The real estate industry has never been a fan of consumer websites that allow anyone to post a rental or property listings without any type of verification. The driver behind this policy has been a recognition by MLSs that these websites will often present unverified property listings that are used by nefarious people to scam unsuspecting consumers. A Google Search for “Craigslist scams” yields 30 Million search results. Now the scams are spreading to Zillow, another ad-sponsored consumer website that blends verified real estate listings with unverified listings that frequently result in consumer scams.

On July 4th in Atlanta, GA, a Fox 5 affiliate covered a story about the Hall County Sheriff’s Department warning potential home buyers and renters about scammers using actual listings and putting them under fake names on Zillow. 


Zillow ended data feed agreements with Listhub and with brokers a few years ago, now relying mostly on data feeds that come from Multiple Listing Services. These data feeds are typically broker opt-in, meaning that a broker’s listing does not get published on Zillow without the broker authorization. The interesting twist that may find MLSs complicit with Zillow scams is that the MLS is the entity that manages the data license agreement with Zillow. That agreement details the legal arrangement between Zillow and the MLS with the broker’s listing content held in the balance.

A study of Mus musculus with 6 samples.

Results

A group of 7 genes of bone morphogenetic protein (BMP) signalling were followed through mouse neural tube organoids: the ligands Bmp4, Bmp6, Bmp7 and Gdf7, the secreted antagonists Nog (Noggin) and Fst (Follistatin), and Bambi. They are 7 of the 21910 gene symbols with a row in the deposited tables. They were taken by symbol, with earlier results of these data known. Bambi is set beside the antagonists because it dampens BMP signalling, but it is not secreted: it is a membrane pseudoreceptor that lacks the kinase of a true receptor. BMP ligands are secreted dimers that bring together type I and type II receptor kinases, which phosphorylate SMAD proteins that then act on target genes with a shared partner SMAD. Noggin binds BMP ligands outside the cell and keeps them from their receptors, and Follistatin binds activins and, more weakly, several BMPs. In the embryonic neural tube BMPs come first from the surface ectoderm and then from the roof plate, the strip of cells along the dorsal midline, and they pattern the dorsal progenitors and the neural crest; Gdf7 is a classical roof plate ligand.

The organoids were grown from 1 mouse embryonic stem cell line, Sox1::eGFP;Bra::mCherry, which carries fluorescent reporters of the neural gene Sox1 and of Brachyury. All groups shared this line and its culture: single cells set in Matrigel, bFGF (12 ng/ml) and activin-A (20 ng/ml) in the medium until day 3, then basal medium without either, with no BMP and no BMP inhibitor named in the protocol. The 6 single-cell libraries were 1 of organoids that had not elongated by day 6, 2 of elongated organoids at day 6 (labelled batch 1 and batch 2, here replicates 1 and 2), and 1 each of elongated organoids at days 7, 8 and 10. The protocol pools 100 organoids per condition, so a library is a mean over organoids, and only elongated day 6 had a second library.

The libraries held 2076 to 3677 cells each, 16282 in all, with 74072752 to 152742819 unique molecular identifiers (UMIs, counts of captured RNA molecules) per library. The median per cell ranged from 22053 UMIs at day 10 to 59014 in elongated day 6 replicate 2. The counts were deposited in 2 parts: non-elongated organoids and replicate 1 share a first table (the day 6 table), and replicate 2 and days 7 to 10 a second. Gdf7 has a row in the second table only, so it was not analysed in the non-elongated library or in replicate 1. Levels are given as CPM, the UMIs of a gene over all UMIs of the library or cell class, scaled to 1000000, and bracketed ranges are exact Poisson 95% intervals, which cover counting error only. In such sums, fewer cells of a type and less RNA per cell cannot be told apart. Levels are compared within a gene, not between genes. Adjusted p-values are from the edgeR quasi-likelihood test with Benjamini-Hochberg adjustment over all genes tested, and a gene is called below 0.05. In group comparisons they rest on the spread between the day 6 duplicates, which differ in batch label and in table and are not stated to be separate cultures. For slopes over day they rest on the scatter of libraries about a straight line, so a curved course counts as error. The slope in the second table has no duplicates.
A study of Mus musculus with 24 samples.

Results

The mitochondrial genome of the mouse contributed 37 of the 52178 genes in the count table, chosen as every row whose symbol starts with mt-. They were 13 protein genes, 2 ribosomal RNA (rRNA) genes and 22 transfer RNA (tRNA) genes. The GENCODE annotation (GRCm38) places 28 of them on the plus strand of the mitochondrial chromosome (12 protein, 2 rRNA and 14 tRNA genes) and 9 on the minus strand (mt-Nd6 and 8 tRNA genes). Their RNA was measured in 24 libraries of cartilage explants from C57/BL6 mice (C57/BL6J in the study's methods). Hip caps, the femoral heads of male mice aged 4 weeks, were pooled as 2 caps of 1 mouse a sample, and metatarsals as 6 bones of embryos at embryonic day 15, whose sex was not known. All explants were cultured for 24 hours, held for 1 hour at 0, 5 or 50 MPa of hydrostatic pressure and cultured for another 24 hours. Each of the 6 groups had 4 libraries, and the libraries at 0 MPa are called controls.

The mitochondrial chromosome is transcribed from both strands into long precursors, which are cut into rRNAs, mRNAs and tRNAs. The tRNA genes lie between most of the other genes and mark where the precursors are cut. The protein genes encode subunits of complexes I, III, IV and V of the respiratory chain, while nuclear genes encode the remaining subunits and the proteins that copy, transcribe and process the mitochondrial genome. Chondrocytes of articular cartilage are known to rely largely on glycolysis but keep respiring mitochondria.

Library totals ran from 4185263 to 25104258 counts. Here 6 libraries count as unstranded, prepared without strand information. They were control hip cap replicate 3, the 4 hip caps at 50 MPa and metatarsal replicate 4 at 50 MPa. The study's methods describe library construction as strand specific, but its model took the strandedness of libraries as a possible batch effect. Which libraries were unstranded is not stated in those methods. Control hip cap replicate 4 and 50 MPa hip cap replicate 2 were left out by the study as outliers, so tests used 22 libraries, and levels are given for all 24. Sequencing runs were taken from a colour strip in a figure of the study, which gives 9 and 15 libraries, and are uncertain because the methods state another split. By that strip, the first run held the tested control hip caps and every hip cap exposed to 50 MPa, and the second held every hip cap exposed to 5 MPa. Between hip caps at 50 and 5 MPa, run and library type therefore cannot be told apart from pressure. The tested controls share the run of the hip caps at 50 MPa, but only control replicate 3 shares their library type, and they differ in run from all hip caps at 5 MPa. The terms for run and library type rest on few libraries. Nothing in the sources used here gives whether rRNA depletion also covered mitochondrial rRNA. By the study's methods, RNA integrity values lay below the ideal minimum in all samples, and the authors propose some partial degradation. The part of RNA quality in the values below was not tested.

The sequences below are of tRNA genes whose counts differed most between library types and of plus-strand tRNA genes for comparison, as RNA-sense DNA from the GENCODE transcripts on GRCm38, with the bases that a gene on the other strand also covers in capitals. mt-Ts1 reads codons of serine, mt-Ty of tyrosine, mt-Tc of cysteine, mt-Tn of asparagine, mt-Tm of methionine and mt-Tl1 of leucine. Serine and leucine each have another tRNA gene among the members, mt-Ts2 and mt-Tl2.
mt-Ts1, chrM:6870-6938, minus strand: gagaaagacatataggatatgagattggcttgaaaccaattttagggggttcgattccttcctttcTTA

Here is the legal question:

If data from a broker is submitted to the MLS, then licensed by the MLS to Zillow with the broker’s authorization, who is responsible for the behavior of nefarious users of Zillow who repurpose a broker’s listing for a scam? I do not know the answer, but consumers are clearly being put at risk on Zillow Group websites according to the news from Atlanta. Or, more directly – if an MLS knows that this type of scam is happening on Zillow’s websites, are they complicit in supporting the illegal activity when they knowingly continue to operate with the awareness that consumers are being scammed using data provided from the MLS? What a mess.

Zillow believes that allowing For Sale By Owner listings on their websites is a benefit to homebuyers because they have transparency into the market for properties that are not listed by a licensed broker. An unfortunate side effect of this policy allows scammers to use for illegal activity. According to the Atlanta news story, many of the scams include consumers who have lost deposit money, along with scams that involve consumers filling out forms with their personal information on phony credit applications. Zillow has launched a page on their website that tries to advise consumers about known scams on their website – 

In my opinion, Zillow would develop more trust with consumers and their real estate industry partners if they did away with FSBO listings. Surely providing a safe search environment is a more compelling benefit than the small number of valid listings submitted to the site from property owners.